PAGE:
Distance College Degrees Receive Focus
Distance college degree programs, such as online courses, are becoming more popular as students look for alternative means of education. Part of the reason is so students can choose how and when they will attend class, making it easier to have a job and study when they aren't working. Unfortunately, some colleges are finding problems with their accreditation and getting focus in a negative light. One specific instance, is in the case of a private Ohio college that has been discontinued by national accreditation organizations who questioned how their business is run.
About Online College Degrees
Distance degree programs, also called online degree programs, let you earn a college degree without having to attend classes. It is beneficial for many reasons. Perhaps you are a parent and need to be home with your kids, or have a full time job and need to study around your work. If you want to earn a degree that isn't available at nearby colleges or you don't have proper transportation to a university near you, distance education is highly useful. The problem is that many of the distance colleges aren't properly accredited, or they end up losing their accreditation. So you definitely need to do your research before choosing a college.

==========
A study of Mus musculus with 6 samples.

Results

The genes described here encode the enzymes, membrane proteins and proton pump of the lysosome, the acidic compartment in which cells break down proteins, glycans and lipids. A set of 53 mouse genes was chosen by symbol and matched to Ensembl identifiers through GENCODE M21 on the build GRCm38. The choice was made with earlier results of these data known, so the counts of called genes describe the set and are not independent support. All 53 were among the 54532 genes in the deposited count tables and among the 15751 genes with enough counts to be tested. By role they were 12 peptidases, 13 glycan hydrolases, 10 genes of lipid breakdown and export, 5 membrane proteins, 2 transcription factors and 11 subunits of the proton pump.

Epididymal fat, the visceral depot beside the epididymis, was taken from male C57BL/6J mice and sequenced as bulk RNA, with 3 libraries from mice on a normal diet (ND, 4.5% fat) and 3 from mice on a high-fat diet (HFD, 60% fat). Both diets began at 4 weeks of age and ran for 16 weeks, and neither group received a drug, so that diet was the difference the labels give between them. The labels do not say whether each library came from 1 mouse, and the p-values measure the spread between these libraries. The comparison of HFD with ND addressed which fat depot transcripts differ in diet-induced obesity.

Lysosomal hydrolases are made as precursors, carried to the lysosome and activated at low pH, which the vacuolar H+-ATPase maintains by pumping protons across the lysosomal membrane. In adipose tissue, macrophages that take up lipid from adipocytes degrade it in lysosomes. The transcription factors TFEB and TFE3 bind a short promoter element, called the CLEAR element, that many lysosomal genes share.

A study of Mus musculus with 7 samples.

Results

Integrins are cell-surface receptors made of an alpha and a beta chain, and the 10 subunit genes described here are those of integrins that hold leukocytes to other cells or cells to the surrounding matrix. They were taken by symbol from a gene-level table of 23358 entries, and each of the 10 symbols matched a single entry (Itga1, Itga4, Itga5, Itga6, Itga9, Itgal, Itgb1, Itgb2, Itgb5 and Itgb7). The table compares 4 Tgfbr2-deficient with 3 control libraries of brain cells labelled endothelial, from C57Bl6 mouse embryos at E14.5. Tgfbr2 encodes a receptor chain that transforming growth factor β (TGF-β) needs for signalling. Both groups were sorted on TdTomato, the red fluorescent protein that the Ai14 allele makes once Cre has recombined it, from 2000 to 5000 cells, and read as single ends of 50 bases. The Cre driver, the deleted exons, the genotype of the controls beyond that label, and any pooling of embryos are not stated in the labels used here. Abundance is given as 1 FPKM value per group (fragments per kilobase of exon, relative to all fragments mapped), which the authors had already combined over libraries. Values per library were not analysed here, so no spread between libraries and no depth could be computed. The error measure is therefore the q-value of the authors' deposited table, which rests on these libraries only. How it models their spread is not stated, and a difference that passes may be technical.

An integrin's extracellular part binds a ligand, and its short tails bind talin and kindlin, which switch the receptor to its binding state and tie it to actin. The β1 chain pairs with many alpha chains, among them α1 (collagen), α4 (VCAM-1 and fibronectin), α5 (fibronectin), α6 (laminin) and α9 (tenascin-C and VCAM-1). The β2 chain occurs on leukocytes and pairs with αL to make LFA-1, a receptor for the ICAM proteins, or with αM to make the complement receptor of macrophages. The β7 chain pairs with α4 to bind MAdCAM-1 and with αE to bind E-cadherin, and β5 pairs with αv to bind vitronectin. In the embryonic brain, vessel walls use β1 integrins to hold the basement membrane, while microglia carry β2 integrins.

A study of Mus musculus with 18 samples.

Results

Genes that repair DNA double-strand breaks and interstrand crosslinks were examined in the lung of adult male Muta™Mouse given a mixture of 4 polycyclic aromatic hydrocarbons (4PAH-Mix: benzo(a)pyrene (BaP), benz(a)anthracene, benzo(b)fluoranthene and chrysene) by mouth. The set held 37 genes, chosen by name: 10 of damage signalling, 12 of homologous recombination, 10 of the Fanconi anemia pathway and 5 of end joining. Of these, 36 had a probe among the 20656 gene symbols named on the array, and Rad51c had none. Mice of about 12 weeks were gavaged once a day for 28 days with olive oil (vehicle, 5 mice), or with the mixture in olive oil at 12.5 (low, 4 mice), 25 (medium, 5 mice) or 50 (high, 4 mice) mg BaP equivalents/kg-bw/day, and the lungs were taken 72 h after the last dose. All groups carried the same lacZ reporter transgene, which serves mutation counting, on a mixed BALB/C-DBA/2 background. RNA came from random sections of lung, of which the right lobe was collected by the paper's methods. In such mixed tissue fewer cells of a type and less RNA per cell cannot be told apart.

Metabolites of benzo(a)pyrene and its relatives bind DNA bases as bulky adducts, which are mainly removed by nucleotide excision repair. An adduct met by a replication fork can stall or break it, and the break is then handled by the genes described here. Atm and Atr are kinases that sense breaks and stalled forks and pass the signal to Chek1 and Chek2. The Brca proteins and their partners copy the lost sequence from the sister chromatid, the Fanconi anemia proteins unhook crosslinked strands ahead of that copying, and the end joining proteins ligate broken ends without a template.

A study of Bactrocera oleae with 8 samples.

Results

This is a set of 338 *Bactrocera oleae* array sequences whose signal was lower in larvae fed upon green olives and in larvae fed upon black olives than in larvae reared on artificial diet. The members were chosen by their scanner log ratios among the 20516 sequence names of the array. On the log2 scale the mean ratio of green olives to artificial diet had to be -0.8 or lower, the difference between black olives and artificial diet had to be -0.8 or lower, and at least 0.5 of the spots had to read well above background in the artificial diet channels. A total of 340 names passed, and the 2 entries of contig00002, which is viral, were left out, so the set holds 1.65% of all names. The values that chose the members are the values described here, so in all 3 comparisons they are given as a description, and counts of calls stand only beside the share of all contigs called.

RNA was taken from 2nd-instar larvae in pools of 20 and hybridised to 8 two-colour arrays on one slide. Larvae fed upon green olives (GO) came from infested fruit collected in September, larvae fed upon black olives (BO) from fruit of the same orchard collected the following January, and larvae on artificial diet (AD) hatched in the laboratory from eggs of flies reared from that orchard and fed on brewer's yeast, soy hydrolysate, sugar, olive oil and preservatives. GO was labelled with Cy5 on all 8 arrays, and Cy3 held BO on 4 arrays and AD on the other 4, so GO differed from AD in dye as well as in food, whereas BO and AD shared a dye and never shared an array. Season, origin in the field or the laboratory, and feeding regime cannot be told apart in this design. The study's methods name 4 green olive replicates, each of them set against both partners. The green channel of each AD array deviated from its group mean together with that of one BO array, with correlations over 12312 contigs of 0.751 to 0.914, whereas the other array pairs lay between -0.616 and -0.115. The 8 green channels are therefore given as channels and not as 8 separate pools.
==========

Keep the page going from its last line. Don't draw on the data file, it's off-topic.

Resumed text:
Colleges Attempting to Introduce Online Programs
Schools dedicated solely to online education aren't the only ones wanting to provide online degree programs; other colleges and universities are doing the same. These colleges are discovering the many benefits to online education and why their prospective students would be interested in studying online. So many colleges are introducing online programs and getting their accreditation, but then they risk not keeping it. Just because your college has an accredited degree program, doesn't mean they are always up to par with national or international standards.
The Problem with Accreditation
The main problem with accreditation is that some schools are partnering up with companies that offer online education options. Instead of handling the distance education themselves, they are outsourcing in a way to these other companies that help take care of the online degree programs. But then those other programs are found to have insufficient business models and the college ends up losing their distance education accreditation. Such is the case with Tiffin University from Ohio and Altius Education from San Francisco, both of which were using the Ivy Bridge online degree program. Ivy Bridge lost their accreditation, so both of these colleges lost their online college programs.
While this concern shouldn't deter colleges from offering distance college degrees, it should be a warning that they need to do their research for online degree programs. Many schools still partner with companies, such as Academic Partnerships and Minerva Project, that have a good reputation and they need to be careful. As a student, find out as much information as you can about the online degree program before you sign up for it. Don't just find out about accreditation of your college, but of the companies they partner with and the degree program itself.